ALBUM REVIEW: Sleep In Light – Hundred Year Old Man


Where debut album Breaching showed a band with a penchant for brooding atmosphere married with intense, cathartic screams and towering riffs, Sleep In Light dials this in expertly and further expands their sonic pastures – and runtime. Make no mistake, if you baulk at albums with longer runtimes then Sleep In Light’s 80 minutes will challenge you, but delving in is richly rewarded with some of the finest post-metal the UK has ever produced. 

Opening with the sprawling A New Terror, morose ambience gives way to a churning riff and cavernous roars. So far, so post-metal, but where HUNDRED YEAR OLD MAN excel is in taking those elements and imbuing them with a raw emotional heft. There’s a palpable sense of loss not just here but across the album, one that’s only exacerbated by the sadness that surrounds its creation and release. Take the title track; its slow-burn opening is morose and the layered vocals increase this sense of mournfulness. 

While there are plenty of crushing guitar parts, they’re offset by equally heavy, in feeling if not raw tonal heft, passages of ambience. These are employed to great effect through the album, giving both breathing space to process the heaviest moments as well as bringing their own emotional weight to bear. The marriage of the two is masterfully done, such as with the 16-minute monolith, I Caught A Glimpse Of Myself On Fire, where swirling synths and guitars ebb and flow between the serene ambience and heaving intensity.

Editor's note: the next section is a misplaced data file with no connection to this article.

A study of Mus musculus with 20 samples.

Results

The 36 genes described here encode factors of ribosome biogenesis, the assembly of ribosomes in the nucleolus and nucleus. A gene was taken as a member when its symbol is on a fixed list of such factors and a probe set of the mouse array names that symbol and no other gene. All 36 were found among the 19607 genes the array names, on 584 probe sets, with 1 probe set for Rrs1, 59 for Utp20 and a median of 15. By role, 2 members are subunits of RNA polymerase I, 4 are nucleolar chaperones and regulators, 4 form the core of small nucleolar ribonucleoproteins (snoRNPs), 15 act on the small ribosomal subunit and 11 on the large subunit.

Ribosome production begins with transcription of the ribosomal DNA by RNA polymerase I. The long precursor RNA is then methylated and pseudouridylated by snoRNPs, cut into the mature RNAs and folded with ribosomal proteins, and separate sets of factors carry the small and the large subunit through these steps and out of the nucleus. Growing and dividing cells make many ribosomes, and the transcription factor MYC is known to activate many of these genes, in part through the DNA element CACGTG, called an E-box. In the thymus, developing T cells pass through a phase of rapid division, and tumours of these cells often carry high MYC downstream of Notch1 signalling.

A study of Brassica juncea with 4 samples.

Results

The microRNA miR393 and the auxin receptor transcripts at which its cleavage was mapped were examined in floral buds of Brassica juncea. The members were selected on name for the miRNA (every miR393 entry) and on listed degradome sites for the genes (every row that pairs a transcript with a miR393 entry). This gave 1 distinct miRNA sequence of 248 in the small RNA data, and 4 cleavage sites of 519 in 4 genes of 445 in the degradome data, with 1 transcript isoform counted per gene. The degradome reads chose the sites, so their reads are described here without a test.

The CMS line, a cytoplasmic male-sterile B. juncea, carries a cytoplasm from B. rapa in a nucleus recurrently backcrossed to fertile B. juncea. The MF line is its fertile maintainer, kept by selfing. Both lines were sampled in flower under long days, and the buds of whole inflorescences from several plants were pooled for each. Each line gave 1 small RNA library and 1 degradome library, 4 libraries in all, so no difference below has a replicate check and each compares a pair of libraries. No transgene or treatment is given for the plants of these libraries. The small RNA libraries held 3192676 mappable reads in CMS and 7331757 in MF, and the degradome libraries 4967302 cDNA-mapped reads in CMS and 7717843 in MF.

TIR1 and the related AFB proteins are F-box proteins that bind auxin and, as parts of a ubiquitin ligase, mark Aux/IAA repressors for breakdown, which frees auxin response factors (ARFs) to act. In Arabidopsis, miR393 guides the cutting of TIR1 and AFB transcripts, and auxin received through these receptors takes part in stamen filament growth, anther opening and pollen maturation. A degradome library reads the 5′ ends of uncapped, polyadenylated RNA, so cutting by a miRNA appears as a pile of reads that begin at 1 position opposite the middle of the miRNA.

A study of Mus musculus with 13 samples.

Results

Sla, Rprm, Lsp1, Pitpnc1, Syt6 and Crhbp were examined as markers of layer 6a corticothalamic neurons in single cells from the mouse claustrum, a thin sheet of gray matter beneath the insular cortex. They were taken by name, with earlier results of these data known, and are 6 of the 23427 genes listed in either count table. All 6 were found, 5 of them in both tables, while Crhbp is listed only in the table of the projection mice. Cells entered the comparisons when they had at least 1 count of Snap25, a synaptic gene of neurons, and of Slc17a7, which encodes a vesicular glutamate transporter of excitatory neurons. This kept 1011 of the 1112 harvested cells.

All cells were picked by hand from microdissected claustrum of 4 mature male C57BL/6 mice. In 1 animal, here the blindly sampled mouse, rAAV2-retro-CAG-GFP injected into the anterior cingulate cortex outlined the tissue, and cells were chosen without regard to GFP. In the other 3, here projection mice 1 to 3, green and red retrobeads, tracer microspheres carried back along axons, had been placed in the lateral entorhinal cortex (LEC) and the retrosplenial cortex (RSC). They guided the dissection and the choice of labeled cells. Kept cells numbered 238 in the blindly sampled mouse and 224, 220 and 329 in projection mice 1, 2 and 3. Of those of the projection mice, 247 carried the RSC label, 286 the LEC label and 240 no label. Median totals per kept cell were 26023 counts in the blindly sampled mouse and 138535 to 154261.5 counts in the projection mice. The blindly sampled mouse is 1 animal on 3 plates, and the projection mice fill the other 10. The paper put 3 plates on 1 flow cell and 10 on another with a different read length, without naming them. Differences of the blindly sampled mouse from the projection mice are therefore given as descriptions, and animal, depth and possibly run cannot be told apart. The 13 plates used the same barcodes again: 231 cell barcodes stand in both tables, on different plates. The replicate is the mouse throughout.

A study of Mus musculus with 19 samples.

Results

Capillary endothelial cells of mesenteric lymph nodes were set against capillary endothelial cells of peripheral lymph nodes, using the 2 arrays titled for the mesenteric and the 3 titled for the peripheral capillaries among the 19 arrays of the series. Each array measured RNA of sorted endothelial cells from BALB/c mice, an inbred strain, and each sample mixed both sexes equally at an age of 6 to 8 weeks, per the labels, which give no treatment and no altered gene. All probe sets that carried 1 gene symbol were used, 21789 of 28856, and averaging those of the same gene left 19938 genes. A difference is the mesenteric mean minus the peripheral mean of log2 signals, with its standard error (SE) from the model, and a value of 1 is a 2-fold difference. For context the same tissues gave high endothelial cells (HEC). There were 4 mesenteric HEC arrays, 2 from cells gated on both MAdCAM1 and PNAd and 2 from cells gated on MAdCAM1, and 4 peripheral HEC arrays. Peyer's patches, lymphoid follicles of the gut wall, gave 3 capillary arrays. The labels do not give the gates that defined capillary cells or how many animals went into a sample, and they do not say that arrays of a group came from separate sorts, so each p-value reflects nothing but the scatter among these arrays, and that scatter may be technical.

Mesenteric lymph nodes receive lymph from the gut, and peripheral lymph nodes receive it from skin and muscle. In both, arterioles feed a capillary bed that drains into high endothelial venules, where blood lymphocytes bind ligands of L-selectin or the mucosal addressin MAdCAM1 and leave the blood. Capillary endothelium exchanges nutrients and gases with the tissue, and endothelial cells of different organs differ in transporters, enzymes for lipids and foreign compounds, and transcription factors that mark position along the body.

Despite the often gargantuan runtimes (the shortest song, Seldom, is the outlier at a hair under five minutes, with the norm being around nine to ten minutes), Sleep In Light never once feels drawn out. Long, certainly; but such atmospheric, emotional music has to take its time to sink its hooks in. The emotional crescendos become that much more powerful and the album itself feels like one long build to closer Livyatan, in which the turmoil and tension of the previous 67 minutes is resolved on an almost hopeful note.

Simply put, Sleep In Light is a masterstroke of emotional storytelling that melds influences from luminaries like NEUROSIS or CULT OF LUNA with their own sensibilities and lives, without ever sounding derivative or anything less than captivating and hauntingly beautiful. It’s one of the best post-metal albums to come from these shores in a very, very long time and a fitting tribute and celebration of their friend and bandmate.  

Rating: 9/10

Sleep In Light - Hundred Year Old Man

Sleep In Light is out now via self-release.